I know the value of routine and giving kids lots of time in the morning (especially if they're dawdlers like mine) but no matter how early we get up, or how many lists I write, and how much warning and prodding and eventually hollering I do, there is almost always a last minute scramble followed by running down the driveway for the bus. The routine seems to deteriorate as the week progresses: on most Monday mornings the kids are ready to go a full 20 minutes before the bus arrives, and they're rewarded with time to read, draw, listen to music -- whatever. But by Wednesday, my carefully crafted routine has fallen apart and once again I'm yelling and they're scrambling and usually one, if not all, of us ends up in tears.
Sometimes I wonder if my expectations are too high because as soon as I ask them to do more than the basics -- eat their breakfast, brush their hair and teeth, and wash their face (they pack lunches the night before) -- there is a cacophony of whining, talkback, attitudes, and sometimes even temper tantrums. I admit to not always being consistent with them -- sometimes I make hot breakfast as a treat, other times it's up to them (usually when I'm making something else, like today it was homemade granola for tomorrow's breakfast) and while we need to bring in wood every day, I don't always make them do a load, and as Ella forgot to wash eggs last night I asked her to wash all eight of them this morning (which she proceeded to do in a sink full of her yet-to-be-washed breakfast dishes… ugh) and that evidently takes a ridiculous amount of time and before I know it Jack is still in the woodshed, Ella has yet to have her hair braided and the bus is at the end of the driveway. (We're lucky in that the bus passes our farm twice, but the kids always want to get on the first pass so they have extra time with their friends.) They's only missed the bus a handful of times in 4-1/2 years, but too many times the kids have left their "other" responsibilities (the abovementioned dishes, wood, etc.) and I'm left to clean up the mess.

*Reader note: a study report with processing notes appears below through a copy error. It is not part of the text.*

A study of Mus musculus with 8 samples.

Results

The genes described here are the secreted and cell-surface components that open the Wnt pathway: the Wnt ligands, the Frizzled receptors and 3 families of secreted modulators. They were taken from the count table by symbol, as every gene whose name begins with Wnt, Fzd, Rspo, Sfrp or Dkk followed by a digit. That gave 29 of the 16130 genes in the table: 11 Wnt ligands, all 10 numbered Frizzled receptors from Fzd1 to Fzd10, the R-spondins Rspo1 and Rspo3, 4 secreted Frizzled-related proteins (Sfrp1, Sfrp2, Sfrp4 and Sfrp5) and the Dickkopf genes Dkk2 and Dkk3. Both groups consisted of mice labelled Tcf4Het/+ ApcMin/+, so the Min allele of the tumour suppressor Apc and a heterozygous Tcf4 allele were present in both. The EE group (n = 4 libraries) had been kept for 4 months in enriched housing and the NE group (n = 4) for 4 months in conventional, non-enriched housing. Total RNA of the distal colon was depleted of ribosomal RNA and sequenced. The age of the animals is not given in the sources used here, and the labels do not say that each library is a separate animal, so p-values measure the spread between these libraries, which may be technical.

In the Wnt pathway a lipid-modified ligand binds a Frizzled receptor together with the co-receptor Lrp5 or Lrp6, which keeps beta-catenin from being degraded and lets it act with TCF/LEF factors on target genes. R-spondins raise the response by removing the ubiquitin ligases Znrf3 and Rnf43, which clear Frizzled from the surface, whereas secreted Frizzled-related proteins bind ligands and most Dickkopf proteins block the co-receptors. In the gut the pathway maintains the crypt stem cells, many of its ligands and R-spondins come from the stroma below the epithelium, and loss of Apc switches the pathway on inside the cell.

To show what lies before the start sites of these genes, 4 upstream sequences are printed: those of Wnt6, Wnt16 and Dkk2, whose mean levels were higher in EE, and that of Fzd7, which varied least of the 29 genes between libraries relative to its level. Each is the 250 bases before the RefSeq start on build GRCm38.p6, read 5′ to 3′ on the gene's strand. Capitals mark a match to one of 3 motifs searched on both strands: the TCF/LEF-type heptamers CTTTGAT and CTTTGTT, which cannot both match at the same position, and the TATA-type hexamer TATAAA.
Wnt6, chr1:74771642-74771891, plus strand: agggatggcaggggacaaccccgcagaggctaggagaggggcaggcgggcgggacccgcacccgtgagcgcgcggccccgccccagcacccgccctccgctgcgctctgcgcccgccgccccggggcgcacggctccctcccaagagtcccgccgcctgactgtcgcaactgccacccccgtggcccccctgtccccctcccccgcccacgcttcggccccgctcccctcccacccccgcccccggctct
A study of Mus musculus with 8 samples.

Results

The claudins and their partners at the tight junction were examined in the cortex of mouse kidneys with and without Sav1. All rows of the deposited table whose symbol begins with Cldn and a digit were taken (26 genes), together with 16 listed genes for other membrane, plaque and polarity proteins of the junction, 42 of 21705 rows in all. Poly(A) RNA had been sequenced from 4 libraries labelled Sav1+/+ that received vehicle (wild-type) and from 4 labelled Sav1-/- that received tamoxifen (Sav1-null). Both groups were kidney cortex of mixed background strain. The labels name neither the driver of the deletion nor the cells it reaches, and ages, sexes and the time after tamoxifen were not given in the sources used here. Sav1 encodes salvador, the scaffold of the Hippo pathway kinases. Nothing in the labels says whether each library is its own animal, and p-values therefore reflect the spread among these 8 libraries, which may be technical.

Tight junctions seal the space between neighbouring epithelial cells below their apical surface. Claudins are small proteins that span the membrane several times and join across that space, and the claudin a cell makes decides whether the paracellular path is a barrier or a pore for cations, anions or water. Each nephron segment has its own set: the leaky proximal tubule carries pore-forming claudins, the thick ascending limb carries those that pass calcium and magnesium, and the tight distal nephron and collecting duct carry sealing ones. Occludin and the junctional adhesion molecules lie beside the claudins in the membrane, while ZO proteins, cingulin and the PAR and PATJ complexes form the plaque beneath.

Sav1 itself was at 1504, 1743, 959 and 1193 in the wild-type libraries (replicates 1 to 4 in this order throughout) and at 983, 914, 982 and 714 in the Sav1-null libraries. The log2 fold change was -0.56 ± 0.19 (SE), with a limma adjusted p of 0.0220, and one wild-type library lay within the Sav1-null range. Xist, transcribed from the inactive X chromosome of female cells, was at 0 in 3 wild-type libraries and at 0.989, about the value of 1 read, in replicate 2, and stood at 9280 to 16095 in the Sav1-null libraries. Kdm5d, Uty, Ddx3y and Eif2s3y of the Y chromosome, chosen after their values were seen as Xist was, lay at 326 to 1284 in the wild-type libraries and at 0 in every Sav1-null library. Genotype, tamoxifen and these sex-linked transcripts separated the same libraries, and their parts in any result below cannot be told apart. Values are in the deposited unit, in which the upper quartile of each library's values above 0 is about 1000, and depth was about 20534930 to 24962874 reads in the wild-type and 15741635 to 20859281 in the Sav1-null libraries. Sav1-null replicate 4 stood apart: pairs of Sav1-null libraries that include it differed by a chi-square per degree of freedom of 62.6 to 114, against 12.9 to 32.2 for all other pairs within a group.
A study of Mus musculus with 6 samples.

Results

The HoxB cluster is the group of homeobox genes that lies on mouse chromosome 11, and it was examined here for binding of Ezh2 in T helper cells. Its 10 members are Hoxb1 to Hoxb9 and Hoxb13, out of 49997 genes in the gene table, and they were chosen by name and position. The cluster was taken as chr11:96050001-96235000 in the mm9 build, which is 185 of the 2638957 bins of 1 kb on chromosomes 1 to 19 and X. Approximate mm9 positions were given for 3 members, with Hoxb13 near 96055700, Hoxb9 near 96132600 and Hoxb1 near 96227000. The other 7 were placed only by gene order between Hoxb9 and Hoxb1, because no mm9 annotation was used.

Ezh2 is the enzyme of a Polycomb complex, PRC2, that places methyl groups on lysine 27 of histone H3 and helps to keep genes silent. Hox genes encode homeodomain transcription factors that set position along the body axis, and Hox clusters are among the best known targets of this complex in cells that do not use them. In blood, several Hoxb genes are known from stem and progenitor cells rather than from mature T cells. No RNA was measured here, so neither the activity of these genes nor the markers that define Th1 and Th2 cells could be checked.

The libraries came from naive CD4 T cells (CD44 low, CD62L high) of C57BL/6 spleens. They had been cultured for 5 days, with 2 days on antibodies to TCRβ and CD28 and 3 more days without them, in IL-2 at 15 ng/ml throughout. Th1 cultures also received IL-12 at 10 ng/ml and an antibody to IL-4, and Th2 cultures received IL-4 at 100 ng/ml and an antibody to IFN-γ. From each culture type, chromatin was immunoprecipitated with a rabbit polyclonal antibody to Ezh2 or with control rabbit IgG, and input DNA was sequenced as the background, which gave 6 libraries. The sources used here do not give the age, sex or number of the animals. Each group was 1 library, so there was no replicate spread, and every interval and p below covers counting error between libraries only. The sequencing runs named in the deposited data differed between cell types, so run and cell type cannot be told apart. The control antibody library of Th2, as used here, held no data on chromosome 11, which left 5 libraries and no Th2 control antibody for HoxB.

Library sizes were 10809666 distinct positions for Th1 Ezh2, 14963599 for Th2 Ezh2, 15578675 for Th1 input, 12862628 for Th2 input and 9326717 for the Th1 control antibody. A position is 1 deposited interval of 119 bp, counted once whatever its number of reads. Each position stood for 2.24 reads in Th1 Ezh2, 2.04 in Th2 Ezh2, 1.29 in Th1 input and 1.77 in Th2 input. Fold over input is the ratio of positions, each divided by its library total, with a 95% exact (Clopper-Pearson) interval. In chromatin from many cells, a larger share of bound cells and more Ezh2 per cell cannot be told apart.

I know my reaction doesn't help -- the more they drag their feet, the more impatient I become and the more my tone starts to rise. Before I know it I'm cajoling and prodding and hollering again, because I'm just asking them to pull their weight and is that really too much to ask? You always hear that the country is a great place to raise kids because it teaches them responsibility, but in our case it seems to be teaching them how to push mum's buttons until she explodes. (And yes, I'm being somewhat disingenuous here.)
As I've always been home, they're used to mum being there and picking up the slack when they don't get things done (like their laundry or dishes or taking out the recycling), but I have other jobs beside being a mother, like working to pay the mortgage.
And while I believe that mothering is my most important job, I often feel caught between two worlds (and I know I'm not alone), especially now that the kids are getting older (Ella is eight, Jack turns 11 tomorrow). I believe that to become functioning and contributing human beings they need to learn the value of work, responsibility and seeing tasks to completion, but against that, I want them to have as much time to just be kids. They're only young once, and before I know it they'll be off to school and I'll have just myself (and the barn animals) to look after.
Growing up my mum was always home and while that provided security when I was younger, it became stifling as I grew older, especially as she fell deeper into her alcoholism. She had no real life of her own, beyond my father's and mine, and as I grew from a pre-teen into a teen, and tried to find my own way in the world, she stewed in her codependency and inability to take an active interest in her own life, instead sinking hooks into mine. I know this made her deeply unhappy and this, in turn, fueled her drinking and her rages against my dad and me, but as much as I committed then to always be there for my kids, I never wanted to lose myself like she did.
I want to model that women can be strong and independent and have lives that are theirs alone (while teaching them the value of real food and "simpler living" in our materialist world), but I've also committed in my heart to home-cooked meals and family sit-down dinners, help with homework and baked after-school snacks, bedtime stories and pre-dawn snuggles. Can I do all that and still retain some sense of me? I don't know yet but on mornings like this it feels like neither side wins.